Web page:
TwelveSmallSquares

The film photography & darkroom work of David Kirby

Behind The Print: Jetty

As stated in my previous post i've been having a busy time of it lately.  But, now that all the decorating is done (for the moment anyway) I have managed to grab some time to scan my test prints and present this article to you, how i made my (almost) latest print.

This print came as the result of shooting a roll of film at a recently found new destination which I wrote about in this article.  There are a few frames on the roll which I will start printing soon but I rather fancied getting started on this one first.  Speaking of which, I guess I had better show you the final print first hadn't I:

It was printed 8" x 8" on Ilford MGIV FB (multigrade fibre-based) paper using Ethol LPD diluted 1:4 for a nice slightly warm tone.

This print was an absolute trial to make.  I wasted so much paper trying to get the dodging and burning spot on and trying to get the final tone how I wanted it to be.  In the end I even had to swap paper entirely, moving from Ilford's MG FB WT (multigrade fibre-based warmtone) to standard neutral multigrade.  Anyway, on with the narrative.

As I seem to always do these days I decided to split grade print this frame.  As usual I did my grade 00 exposure first and this was the result:

I chose the appropriate exposure and then made my grade 4 1/2 exposure:

After selecting the best hard exposure I combined to two onto one sheet to see how my base print looked.  From there I would be able to start determining dodging and burning requirements.

It looked ok for a base exposure but definitely needed some work to bring it to life.  I spent hour after hour and test strip after test strip trying to figure out how to make this print "pop".  The grassy areas to the right and left of the jetty received a 2/3 burn at grade 00, whilst the triangular shaped section of grass in the centre received a whole stop extra exposure.  Then, the sky was burned in at grade 00 for an extra 1/3.  After switching to grade 4 1/2 and making my base exposure the jetty as a whole was dodged for 5/6 whilst the sky received 1/3 burn and the right & left borders of the print and the base received and extra 1/6 exposure.  After a quick wash the jetty received some bleaching using a dilute potassium ferricyanide/potassium bromide bleach.  My f-stop timer told me that I was printing at an effective grade of 3 1/2.  Once thing I should mention is that I added a 11% dry-down compensation to my exposures whilst making this print.  This is something I can program into my f-stop timer; and, conveniently, my timer also tells me what grade i am effectively printing at when using split grade printing.  In this instance I was printing at grade 3 1/2.  Always good to know!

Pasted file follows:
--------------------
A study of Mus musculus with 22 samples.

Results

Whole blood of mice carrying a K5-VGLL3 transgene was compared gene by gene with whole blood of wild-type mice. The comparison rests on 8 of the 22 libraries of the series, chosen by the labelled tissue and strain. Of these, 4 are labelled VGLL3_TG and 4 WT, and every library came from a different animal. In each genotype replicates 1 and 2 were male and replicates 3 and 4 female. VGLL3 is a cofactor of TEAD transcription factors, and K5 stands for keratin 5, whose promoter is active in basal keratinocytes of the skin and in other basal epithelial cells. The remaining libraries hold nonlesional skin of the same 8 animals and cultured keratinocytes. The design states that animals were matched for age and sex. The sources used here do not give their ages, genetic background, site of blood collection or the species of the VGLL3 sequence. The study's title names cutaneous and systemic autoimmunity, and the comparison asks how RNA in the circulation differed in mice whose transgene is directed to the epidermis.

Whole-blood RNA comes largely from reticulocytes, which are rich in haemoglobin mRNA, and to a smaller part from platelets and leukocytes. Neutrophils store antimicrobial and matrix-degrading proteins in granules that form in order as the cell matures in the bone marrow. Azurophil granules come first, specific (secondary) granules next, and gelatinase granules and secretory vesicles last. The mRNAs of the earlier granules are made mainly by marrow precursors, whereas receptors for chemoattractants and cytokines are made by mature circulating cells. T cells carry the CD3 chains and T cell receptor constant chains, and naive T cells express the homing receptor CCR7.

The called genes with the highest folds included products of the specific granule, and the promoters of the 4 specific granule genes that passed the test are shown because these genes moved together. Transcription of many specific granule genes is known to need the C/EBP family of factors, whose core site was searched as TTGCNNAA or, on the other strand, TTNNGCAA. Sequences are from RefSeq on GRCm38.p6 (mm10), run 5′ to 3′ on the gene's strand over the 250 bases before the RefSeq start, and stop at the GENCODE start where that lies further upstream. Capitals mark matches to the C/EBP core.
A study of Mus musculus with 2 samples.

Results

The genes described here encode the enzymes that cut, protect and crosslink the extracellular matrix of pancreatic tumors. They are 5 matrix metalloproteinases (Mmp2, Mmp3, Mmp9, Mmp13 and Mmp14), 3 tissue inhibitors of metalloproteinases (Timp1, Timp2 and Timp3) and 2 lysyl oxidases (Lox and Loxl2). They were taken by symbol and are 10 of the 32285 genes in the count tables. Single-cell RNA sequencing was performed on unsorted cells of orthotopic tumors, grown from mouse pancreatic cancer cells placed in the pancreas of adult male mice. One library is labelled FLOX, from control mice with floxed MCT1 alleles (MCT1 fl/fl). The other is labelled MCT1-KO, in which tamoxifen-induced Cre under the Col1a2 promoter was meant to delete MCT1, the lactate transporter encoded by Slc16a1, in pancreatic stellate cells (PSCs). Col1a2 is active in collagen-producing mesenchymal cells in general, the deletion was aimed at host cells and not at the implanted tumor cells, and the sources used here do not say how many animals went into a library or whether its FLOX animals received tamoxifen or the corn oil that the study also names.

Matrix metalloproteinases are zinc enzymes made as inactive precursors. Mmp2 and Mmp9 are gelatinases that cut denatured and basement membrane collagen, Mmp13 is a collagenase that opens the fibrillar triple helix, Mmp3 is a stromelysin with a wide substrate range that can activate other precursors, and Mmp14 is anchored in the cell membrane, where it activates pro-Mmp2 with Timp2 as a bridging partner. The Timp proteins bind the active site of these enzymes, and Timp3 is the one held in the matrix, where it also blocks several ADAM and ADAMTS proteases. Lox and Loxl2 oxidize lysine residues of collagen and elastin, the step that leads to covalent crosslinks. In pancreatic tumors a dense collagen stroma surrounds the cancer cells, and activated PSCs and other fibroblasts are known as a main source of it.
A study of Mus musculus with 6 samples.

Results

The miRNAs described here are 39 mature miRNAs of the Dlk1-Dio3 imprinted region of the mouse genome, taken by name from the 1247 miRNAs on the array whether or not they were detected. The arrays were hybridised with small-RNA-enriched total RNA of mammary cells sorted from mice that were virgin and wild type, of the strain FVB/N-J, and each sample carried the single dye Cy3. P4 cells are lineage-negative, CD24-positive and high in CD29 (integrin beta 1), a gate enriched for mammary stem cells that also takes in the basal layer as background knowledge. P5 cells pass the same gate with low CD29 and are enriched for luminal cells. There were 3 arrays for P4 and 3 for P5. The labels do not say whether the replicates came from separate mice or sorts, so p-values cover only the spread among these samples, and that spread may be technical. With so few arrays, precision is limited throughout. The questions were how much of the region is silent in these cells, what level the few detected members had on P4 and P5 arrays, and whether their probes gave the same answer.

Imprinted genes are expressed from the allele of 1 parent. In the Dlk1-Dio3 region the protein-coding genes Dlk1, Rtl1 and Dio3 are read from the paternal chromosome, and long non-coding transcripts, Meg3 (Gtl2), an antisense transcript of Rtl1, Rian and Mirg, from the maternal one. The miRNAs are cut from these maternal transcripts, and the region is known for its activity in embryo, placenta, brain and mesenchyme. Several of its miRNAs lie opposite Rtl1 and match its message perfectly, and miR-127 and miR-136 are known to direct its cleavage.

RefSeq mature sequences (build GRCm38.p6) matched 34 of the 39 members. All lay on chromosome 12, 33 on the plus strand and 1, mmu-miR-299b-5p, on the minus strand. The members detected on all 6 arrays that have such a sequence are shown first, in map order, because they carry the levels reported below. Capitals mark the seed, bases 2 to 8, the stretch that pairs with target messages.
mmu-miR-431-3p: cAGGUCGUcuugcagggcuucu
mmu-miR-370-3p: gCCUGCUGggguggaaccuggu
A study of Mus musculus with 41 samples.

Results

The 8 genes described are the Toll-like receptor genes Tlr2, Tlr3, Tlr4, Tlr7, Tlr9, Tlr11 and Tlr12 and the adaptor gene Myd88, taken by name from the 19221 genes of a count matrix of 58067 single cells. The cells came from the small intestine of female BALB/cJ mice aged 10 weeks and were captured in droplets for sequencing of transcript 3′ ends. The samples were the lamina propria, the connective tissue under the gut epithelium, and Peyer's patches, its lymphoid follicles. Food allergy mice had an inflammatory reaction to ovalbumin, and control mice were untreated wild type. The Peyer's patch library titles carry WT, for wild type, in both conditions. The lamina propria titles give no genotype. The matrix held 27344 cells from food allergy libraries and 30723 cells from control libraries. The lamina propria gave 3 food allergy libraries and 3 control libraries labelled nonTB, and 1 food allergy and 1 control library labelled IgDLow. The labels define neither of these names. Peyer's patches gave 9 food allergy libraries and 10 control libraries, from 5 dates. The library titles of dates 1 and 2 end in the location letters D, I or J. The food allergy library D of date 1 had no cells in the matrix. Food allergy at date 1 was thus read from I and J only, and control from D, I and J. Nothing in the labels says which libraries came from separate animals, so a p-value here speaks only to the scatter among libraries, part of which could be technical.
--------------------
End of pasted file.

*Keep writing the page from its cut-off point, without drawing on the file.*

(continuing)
Once thoroughly washed the print was bleach for 2 minutes in a potassium ferricyanide/potassium bromide bleach diluted 1:7 and then toned in standard sepia toner.  After another wash the print was then toned in selenium diluted 1:9 for 12 minutes.

You may recall that I mentioned earlier about switching from Ilford warmtone paper to neutral.  The reason for this was that I wanted to use the selenium toner to boost the shadow areas of the print and give the contrast a little more pop.  Using selenium, even diluted 1:9 caused the print to take on a very warm, reddish tone.  I have used this tone to good effect in other prints such as the one of the cottage in front of a mountain as can be seen in my "Landforms" gallery, but for this print it just wasn't working at all.  On top of the extreme tone, the shadow areas went "nuclear" and swallowed up a lot of the midtone detail in the grass, especially in the bottom left of the print.  I didn't want this so I decided to switch to a neutral paper.  Here's a rough scan of the warmtone print:

Here si the final print again to save to having to scroll to the top of this post:

I don't think this is the greatest print I have ever made, nor is it the worst, but i'm happy with the final result.  To be honest it's nice to have this print finished and out of my mind for a while, such was the effort it took to get the final print.  Sometimes you just get a frame that's a challenge to print, but often these are the prints that teach us things which we can apply to future prints.

For reference, here's my print data sheet with all my dodging and burning times and toning information on:

Hopefully some of you have found that helpful or at least had a good read and killed a few minutes.  As always if you have any questions then feel free to get in touch.  As for future posts I have just finished a print this week which I am very excited to share as I think it is one of my best, and I am working on some more tutorials which hopefully I will post over the coming weeks.

Until our next meeting, happy printing!